About Keyboard Projects

About Keyboard Projects.

Who or what is Keyboard Projects?

Keyboard Projects is a company dedicated to the preservation and improvement of vintage keyboards. Here is a little more about Keyboard Projects. We will do whatever is possible to bring you beloved vintage keyboard back to life with service, repairs or even ground up restorations if necessary. We will not try to sell you something that you don’t need. We don’t believe in “snake oil” and we won’t sell it. We will go the extra mile to give you your instrument AS YOU WANT IT. Unless it is something just crazy, like removing the key frame out of a mint Vox Jaguar, and adding a set of hack sawed Wurlitzer 200 keys. I’m sure I will catch flack from other mod guys about being so blunt, but have too much respect for each instrument to do that.

We will do whatever is necessary to resolve whatever issues your keyboard may have. “Issues” being a wide ranging generalization that can span anything from “sticky action” or “it just doesn’t feel right” all the way to “it fell from the back of a moving truck, and then burst into flames”. Of coarse, results may be proportional to condition in extreme cases. We can’t always work miracles…only most of the time.

We are willing to help you on your hunt for tonal brilliance (or dullness as the case may be), we will do whatever research is necessary to get YOUR SOUND. Tone chasing can get pricey, especially when it is a non standard sound of an instrument. When trying to translate the sound in your head or some other ethereal, non measurable tone… it can be hard.

Where is Keyboard Projects located?

We are located in beautiful Ravenna Ohio. It would be considered NE, or north east Ohio. We are just down the road from Kent State University, and just down the highway from Akron and Cleveland. We did not necessarily choose this place to open a keyboard repair business, seeing as it is not New York or LA. More that being in this place, the business sort of chose us. When a keyboard player friend, tells another keyboard player, who tells another keyboard player who is now dropping of keyboards for repair… it may be time to hang a shingle. Tell your friends with vintage keyboards about Keyboard Projects. They will be glad you did.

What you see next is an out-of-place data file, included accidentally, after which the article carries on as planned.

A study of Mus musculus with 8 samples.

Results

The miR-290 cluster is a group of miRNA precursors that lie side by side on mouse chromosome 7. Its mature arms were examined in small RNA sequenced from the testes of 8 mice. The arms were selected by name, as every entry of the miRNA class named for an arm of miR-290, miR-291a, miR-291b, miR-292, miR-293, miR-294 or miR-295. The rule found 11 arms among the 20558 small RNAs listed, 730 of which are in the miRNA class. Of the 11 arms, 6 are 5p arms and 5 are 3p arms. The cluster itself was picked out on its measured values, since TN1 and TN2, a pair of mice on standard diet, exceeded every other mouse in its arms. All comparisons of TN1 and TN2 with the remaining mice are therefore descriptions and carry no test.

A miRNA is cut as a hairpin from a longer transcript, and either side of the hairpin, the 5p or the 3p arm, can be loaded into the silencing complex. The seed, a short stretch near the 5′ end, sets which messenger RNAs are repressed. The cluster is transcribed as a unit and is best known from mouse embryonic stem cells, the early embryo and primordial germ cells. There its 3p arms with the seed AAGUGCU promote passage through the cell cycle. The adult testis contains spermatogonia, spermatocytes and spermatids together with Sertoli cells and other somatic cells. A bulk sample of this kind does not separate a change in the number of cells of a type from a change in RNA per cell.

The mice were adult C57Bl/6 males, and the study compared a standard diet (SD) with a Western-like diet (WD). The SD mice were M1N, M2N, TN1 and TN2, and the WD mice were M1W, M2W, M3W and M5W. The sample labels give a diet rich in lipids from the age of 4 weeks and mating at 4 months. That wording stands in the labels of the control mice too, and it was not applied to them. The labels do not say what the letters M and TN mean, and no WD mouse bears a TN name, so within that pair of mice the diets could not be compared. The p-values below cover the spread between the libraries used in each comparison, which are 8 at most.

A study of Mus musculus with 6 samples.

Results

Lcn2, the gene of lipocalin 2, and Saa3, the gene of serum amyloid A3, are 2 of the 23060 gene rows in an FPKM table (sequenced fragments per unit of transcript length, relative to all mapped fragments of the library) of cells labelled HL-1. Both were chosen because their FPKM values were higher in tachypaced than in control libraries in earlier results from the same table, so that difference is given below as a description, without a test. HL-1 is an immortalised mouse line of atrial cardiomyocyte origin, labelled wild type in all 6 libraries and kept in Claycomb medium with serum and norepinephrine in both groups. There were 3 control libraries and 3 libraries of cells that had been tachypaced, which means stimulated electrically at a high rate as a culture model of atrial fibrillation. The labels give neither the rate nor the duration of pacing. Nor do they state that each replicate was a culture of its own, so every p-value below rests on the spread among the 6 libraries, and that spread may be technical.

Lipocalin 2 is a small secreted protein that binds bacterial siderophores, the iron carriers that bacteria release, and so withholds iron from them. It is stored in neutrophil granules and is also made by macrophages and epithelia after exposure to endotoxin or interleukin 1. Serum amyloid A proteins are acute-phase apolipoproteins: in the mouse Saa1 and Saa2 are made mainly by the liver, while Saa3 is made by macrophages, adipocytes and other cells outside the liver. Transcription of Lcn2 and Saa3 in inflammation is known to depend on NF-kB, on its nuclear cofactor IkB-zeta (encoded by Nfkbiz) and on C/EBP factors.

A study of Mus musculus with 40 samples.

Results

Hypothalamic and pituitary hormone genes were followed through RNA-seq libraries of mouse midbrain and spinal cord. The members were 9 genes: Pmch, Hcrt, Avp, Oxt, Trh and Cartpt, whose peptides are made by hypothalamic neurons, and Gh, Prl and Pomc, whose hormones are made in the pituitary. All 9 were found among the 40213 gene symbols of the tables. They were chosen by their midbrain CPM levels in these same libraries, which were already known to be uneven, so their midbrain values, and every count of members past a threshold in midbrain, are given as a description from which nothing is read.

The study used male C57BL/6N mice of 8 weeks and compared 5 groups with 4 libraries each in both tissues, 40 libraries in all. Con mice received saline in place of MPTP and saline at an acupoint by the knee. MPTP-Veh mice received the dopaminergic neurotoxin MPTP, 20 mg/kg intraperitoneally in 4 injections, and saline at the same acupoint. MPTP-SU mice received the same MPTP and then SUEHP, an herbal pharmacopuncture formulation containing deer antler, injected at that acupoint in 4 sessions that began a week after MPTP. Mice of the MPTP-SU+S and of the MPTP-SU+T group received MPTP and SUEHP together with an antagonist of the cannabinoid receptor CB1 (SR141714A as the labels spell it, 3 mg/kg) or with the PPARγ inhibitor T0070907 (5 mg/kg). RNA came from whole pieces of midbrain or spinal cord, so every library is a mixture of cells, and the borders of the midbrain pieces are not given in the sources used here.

What keyboards does Keyboard Projects work on?

We work on what we consider to be the classics. Fender Rhodes, WurliTzer, RMI (yes RMI), Hammonds. Combo (transistor) organs in general, like the Vox Continental, Jaguar and Super Continental, even a Baroque if it came in. Farfisa’s with a special devotion to the Compact series (Duo MKI/MKII, Deluxe, Combo, Mini). Gibson G101 and Kalamazoo K101. Even Rheem, Panther and other variations there-of. You get the picture, combo organs- check!

We tend to shy away from digital boards, as they can just be too finicky and require a completely different protocol for repairs that vintage stuff with BIG components. Although we have worked on a few Kurzweil’s with between great and mixed results. It all depends on the case in front of us.

Analog (or even Analogue) synths are not our current specialty. But we will be willing expand into them if it is what people need. We will gladly check them out to see what’s going on, and work towards a solution, but we haven’t done a dozen+ MiniMoogs or ARP 2600’s. At least not yet…


How long has Keyboard Projects been repairing keyboards?

Over 20 years. This whole business started as me trying to keep up with my own ridiculous vintage keyboard collection. Over 20 years of tearing these things apart has lead to a sort of understanding of “what” makes “what” happen. That and countless hours of study and research on the particulars. Each piece is it’s own beast, and even 2 or 3 of the supposedly exact same model instrument will (most likely) have their own variations. These idiosyncrasies combined with their “quality of life” for the past sometimes 50+ years, can obviously help make each instrument unique.

When I was first starting out in repairing keyboards, I asked a more aged tech, who had been working on these things most of his life how a particular circuit in a Farfisa Compact Combo worked. He got a serious look in his eye and responded “FM, it’s all FM” I paused and puzzled, I tried to think how radio stations or Frequency Modulation had anything to do with this voodoo. He saw my grief and with a deadpan face stated “F**kin’ Magic, it’s all just F**kin’ Magic”. So even now after all of my research and projects, I still think he was onto something… because it really is Magic when you think about it.

 

 

 


Keyboard Projects is not affiliated with any of the brands or companies listed on this site. These include Hammond, Hammond Suzuki, Leslie, Farfisa, Vox, Gibson, Wurlitzer, RMI, Bill Beer, Keyboard Products, Fender, Rhodes, Fender Rhodes, Hall and/or Oates and others.